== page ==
Monday, July 30, 2007

Eagle Peak SW Ridge

Been there, done that, thank goodness it's done. Oh man what a tedious route. The SW ridge isn't a technical climb by any measure but we still hoped for a few moments throughout the day where we would think "Whoah, cool. What a place to be!". Unfortunately those moments were few and very far between!

We were tired and dispirited when we finally returned to the Illecillewaet parking at 7:00PM. But look who we found to brighten our day...

Simon Mason! We hadn't spoken with Simon since leaving Montreal two years ago and there he was standing before us like it was the most normal thing in the world. It was surreal. He'd been on vacation with the family in the Calgary area and now had a few days to do a bit of climbing. The next morning he was heading to Sir Donald with Bob, Alena, and Diane who we also knew from back east.

It was great to those guys but I must admit that the encounter left me feeling slightly melancholy. It reminded me of all the great people we left behind when we moved to Kelowna.

We were knackered on Sunday and spent the day visiting some of the points of interest along the highway. The "Skunk Cabbage Boardwalk" was interesting. As the name implies it's a narrow raised pathway that allows you to walk through a low-lying swampy area. Apparently these wetlands are extremely rare in the Columbia valley and provide important habitat for migrating birds.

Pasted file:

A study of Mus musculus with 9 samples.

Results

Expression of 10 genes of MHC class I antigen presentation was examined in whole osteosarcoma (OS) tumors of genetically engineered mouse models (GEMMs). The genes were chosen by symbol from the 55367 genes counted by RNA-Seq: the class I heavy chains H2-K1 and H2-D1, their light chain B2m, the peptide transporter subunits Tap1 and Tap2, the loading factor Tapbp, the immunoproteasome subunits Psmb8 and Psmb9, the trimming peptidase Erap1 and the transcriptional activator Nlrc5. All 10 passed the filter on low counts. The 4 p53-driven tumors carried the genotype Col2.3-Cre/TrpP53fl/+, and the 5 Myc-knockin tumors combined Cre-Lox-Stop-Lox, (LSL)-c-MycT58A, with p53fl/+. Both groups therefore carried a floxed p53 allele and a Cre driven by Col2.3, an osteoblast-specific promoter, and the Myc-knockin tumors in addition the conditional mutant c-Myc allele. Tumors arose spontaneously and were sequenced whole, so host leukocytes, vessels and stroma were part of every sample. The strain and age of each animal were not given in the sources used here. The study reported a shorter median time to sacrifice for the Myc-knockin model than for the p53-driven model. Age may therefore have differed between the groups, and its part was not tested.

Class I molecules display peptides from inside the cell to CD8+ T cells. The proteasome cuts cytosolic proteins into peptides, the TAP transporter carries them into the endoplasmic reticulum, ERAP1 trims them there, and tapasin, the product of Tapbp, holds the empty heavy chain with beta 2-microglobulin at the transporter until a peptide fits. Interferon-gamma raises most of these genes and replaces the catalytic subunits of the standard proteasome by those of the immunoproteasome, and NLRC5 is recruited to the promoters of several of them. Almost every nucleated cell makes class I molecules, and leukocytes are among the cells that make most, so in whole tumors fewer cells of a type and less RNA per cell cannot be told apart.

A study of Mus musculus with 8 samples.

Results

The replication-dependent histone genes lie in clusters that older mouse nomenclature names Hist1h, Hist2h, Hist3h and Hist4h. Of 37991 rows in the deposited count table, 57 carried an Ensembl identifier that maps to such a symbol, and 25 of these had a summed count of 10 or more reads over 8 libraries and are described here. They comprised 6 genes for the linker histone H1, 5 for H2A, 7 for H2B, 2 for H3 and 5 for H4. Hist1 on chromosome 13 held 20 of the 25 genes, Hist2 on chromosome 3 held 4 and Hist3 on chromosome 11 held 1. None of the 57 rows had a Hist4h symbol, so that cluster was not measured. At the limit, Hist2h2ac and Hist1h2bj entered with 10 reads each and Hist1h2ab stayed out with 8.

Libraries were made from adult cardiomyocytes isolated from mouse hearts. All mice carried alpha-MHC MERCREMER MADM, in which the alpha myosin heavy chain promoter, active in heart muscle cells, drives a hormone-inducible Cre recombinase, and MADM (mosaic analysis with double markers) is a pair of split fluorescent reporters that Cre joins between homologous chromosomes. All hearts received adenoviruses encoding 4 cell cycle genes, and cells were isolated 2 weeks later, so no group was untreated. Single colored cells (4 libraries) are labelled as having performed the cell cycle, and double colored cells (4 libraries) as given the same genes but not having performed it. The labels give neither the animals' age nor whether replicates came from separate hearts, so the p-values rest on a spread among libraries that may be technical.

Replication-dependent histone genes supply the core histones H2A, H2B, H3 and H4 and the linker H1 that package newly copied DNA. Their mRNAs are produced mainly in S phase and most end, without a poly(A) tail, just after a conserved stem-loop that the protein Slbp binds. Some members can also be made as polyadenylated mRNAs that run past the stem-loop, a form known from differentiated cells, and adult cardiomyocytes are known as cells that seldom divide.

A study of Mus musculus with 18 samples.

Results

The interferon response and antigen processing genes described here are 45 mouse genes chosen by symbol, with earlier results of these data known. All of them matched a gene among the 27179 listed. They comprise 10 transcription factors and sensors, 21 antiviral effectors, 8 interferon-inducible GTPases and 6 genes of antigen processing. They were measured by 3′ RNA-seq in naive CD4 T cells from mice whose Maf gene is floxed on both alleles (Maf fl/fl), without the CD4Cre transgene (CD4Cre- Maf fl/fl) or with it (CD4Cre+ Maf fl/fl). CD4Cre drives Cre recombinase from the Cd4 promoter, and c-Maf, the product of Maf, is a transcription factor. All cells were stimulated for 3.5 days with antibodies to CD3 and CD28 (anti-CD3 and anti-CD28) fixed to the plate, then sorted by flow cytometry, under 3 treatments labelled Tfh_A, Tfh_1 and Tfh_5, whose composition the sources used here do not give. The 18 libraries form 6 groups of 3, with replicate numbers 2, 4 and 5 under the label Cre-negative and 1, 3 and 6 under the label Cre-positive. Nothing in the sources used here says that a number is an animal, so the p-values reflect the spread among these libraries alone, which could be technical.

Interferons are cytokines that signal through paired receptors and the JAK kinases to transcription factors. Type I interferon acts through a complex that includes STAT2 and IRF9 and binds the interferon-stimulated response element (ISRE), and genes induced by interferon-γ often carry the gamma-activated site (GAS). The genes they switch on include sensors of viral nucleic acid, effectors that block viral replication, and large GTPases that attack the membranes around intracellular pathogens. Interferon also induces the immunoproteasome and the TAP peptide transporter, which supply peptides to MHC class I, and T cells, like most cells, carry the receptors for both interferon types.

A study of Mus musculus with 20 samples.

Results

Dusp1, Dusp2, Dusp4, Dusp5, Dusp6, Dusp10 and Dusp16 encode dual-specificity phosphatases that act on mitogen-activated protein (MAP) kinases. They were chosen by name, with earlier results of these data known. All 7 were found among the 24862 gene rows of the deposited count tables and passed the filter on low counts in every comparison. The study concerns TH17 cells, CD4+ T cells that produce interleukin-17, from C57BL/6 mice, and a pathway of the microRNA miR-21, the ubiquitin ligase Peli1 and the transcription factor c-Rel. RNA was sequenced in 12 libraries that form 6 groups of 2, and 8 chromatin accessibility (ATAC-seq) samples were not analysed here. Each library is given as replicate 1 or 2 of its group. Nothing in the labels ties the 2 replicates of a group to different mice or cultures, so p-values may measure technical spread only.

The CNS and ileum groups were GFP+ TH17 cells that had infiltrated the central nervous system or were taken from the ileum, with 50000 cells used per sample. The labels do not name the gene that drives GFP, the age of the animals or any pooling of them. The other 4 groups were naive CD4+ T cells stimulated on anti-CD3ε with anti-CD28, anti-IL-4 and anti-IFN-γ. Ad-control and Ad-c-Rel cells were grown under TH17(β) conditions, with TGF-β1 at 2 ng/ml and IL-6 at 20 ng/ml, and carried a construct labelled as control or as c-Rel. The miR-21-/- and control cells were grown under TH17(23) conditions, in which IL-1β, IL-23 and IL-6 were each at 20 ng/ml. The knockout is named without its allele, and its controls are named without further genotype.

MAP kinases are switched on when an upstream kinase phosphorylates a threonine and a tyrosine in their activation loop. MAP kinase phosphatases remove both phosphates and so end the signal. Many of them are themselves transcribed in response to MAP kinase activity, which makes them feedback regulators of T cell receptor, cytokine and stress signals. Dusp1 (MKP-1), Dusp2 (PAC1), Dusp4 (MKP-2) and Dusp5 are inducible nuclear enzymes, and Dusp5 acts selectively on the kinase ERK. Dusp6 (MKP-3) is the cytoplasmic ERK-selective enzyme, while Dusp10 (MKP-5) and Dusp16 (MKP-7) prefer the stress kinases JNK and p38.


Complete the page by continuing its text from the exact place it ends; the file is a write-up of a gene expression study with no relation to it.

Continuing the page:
Anyway the best part was coming across a huge pile of bear scat right in the middle of the boardwalk.

Saturday, July 07, 2007

Mount Begbie

Over the weekend Brenda and I lead an Alpine Club trip to Mount Begbie which is just south of Revelstoke in the Gold Range. We had climbed Begbie a couple of years ago and felt it would be within our powers to lead (and I use the term loosely) a group up the normal route since it's mostly a scramble with a few interesting bits. The trip generated a fair amount of interest and in the end we were a group of seven with a number of people still on a waiting list.

The elevation difference from the trailhead to the summit is around 2000 meters (ouch!) so we broke it up by hiking part way up on Saturday and camping. Even this was a grunt of 1300m with the added burden of overnight packs. It's hard to know which is the best approach, either doing it all in one day or breaking it up, but it was nice to spend a night camping out high above Revelstoke. Thankfully the campsite was mostly free of snow and we didn't have a repeat of last weekend's shoveling marathon. It was also nice to actually feel chilly for a change! It's been blistering hot in the Okanagan lately. Temperatures have been as high as 40C in some places.

The route crosses the toe of a small glacier and then gains a ledge that can then be traversed to gain the north ridge. You can see the ledge just above Trent's noggin in this photo.

This photo gives a better idea of the scale - the ledge starts at that little finger of snow just above the highest figure.

There was a bit of messing about getting onto the ledge from the glacier.

The ledge itself is actually several meters wide for most of it's length except for one narrow part with an awkward step where we set up a rope to get everyone across quickly.

Once on the ridge it's an easy scramble with a few slightly more technical parts. This is Astrid taking it all very seriously.

And here we are on the top.

It's hard to avoid making these summit photos looking like bad album covers. We look like some oddball folk band about to launch into a rendition of our latest cheesy hit. Except for me, I just look like a goof.